Perhaps the most overlooked aspect of Harry S. Truman’s presidency is his judicial legacy, with even the finest of Truman biographies neglecting to consider the influence he had on the Supreme Court. Yet, as Rawn James lays out in engaging detail, president Harry Truman successfully molded the high court into a judicial body that appeared to actively support his administration’s political agenda. In rulings that sparked controversy in their own time, the Supreme Court repeatedly upheld Truman’s most contentious policies, including actions to restrict free speech, expand civil rights, and manage labor union unrest. The Truman Court: Law and the Limits of Loyalty argues that the years between FDR’s death in 1945 and Chief Justice Earl Warren’s confirmation in 1953the dawn of the Cold Warwere, contrary to widespread belief, important years in Supreme Court history. Never before or since has a president so quickly and completely changed the ideological and temperamental composition of the Court. With remarkable swiftness and certainty, Truman constructed a Court on which he relied to lend constitutional credence to his political agenda.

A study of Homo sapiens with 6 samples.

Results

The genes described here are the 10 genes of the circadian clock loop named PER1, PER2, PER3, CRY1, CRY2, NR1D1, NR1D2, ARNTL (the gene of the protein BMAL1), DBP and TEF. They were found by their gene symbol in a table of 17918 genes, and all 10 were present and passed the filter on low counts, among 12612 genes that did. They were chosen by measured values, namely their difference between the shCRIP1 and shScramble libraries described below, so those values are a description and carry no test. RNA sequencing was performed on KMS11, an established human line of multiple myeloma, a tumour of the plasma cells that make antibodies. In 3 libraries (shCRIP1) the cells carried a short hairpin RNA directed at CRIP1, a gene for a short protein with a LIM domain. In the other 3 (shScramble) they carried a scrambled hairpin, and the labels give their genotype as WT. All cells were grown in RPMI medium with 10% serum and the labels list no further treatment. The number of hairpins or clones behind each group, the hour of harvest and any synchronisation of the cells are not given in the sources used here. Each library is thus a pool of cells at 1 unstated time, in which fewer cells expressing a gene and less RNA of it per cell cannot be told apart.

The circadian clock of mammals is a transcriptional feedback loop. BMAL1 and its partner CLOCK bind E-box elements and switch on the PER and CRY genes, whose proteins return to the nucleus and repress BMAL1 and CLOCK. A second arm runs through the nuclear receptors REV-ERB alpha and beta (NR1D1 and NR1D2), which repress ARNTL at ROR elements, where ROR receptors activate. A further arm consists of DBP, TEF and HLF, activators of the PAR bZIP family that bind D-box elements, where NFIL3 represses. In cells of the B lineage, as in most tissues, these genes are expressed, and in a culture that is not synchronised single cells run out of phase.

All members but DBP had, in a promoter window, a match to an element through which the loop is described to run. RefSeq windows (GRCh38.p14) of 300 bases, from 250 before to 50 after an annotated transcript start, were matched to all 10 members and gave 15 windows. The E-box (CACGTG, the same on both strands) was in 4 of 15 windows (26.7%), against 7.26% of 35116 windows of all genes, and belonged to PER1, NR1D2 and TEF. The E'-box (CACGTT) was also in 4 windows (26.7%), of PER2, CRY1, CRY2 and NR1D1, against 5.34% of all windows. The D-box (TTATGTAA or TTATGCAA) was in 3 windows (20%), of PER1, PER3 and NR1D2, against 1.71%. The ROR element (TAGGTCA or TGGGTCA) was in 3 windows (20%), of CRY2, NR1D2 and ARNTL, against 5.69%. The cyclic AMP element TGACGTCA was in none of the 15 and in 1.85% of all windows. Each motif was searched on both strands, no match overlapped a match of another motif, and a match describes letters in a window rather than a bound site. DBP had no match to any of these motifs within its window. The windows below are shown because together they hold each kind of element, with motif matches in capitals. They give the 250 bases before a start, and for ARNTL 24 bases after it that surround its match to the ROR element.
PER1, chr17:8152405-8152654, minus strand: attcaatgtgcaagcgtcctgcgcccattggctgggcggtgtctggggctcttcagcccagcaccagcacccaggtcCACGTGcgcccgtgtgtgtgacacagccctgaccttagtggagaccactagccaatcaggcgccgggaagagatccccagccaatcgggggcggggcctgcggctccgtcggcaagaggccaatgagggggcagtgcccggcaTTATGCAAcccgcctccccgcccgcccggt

|Publisher:||University of Missouri Press|
|Product dimensions:||6.00(w) x 9.00(h) x 0.00(d)|
About the Author
Rawn James, Jr. has practiced law in Washington, D.C. for 20 years. His previous books are Root and Branch: Charles Hamilton Houston, Thurgood Marshall and the Struggle to End Segregation and The Double V: How Wars, Protest and Harry Truman Desegregated America's Military.